September 5, 2022
How Do One-Day Dental Implants Work?
The term one-day dental implants have gained a lot of popularity, and in this post, we’ll tell you everything you need to know about it, including how one-day dental implants actually work.
First, you should know that dental implants are titanium screws that are gently placed into the bone during a surgical procedure. The implants’ primary function is replacing the natural roots of the missing teeth, creating mechanical retention to the prosthetic crowns or bridges.
The Process of One-Day Dental Implants:
The first obvious step before getting the procedure is visiting a dentist. The professional will evaluate your mouth where the missing tooth needs replacement to determine if One-Day dental implants will work for your case.
The dentist will carry on a complete examination of your mouth and you will have a 3 dimensional CT scan taken, to check the quality and quantity of the bone in your jaws. If it looks adequate enough to support an implant, your appointment will be scheduled for receiving the implant.
The day has come. After you arrive at Mexico Dental Implants, you will be given anesthesia that will make the process pain-free. After any remaining bad teeth are removed, the implant is then placed. Afterward, a temporary crown will be attached to the top while your permanent crown is created. The temporary crown looks natural and restores your smile until the permanent crown can be placed.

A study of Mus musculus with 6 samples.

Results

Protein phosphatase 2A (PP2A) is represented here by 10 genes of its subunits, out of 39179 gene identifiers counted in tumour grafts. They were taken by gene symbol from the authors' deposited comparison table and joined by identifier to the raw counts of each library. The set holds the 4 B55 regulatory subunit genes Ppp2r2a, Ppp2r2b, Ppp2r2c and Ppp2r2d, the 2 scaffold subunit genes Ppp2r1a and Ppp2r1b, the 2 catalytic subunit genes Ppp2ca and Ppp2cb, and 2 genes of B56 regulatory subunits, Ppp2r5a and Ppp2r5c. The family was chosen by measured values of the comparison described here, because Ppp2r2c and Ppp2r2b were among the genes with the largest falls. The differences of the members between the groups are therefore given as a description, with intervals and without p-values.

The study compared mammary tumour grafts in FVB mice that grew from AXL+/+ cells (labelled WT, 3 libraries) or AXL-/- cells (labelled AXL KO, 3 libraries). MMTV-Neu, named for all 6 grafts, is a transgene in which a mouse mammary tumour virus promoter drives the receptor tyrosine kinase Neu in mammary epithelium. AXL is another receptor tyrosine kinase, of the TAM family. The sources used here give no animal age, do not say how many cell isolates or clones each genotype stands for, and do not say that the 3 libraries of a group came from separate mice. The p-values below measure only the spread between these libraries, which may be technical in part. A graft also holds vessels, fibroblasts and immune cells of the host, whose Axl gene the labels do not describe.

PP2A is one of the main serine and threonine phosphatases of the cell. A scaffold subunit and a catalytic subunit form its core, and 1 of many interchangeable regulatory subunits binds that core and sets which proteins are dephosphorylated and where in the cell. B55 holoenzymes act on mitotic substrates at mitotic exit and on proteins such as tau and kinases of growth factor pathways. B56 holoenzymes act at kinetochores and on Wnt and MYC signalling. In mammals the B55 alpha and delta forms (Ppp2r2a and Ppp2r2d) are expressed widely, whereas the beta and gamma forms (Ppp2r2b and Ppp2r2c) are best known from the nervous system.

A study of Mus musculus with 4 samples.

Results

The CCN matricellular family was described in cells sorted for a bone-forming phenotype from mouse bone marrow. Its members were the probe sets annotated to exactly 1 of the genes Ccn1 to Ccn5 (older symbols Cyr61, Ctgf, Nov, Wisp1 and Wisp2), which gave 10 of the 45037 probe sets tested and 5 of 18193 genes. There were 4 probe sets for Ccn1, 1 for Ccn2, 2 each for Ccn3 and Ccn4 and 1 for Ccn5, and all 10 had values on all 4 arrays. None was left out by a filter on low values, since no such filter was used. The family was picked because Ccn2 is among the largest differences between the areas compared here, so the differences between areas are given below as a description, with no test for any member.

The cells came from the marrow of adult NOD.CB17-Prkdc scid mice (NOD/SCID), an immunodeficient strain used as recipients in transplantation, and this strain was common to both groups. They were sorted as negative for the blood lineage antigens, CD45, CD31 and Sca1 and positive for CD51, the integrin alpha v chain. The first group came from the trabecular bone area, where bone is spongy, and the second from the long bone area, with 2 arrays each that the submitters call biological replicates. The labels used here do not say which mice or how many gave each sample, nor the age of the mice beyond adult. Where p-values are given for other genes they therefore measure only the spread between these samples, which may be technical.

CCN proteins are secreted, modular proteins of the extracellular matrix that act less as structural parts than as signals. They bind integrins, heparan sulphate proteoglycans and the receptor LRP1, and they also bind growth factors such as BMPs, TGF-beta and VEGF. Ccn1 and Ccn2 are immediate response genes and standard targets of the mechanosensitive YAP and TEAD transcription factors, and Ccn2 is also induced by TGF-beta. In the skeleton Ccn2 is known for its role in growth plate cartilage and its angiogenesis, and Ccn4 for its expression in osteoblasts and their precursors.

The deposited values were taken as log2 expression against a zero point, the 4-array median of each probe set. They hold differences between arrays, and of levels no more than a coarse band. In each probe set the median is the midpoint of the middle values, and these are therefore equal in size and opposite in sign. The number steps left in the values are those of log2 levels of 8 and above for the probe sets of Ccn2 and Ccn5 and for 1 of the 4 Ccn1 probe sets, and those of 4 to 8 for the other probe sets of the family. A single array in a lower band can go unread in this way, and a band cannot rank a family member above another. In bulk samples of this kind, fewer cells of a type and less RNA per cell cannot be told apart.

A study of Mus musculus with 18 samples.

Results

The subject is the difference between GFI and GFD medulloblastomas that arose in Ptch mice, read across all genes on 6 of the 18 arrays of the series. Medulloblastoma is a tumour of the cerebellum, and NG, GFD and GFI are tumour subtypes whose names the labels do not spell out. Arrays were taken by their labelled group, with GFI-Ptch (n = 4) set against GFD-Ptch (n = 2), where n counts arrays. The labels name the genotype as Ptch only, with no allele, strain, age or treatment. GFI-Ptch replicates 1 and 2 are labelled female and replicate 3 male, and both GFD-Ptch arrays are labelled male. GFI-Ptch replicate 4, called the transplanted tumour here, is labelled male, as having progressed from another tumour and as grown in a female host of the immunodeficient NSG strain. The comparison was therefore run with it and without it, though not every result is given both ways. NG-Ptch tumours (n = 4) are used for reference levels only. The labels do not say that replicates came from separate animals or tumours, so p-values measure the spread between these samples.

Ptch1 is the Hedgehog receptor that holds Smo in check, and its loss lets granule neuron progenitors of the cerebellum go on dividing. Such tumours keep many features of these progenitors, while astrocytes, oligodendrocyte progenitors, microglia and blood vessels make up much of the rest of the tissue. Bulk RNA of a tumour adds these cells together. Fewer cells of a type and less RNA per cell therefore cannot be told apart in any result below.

Your New Smile
After a few weeks, the permanent crown is created and sent back to your dentist who will permanently fit it in your mouth. If the crown fits perfectly and you’re happy with the results, the process will be completed.
Maintenance of One-Day Dental Implants
You should have maintenance and cleaning visits every 6-12 months, to make sure everything is fine with the implants and the bridge. To get better, long-lasting results, oral hygiene is essential.
There are many benefits to One-Day Dental Implants
Fewer trips to the dentist.
Get your smile back sooner.
Works for implant-supported dentures.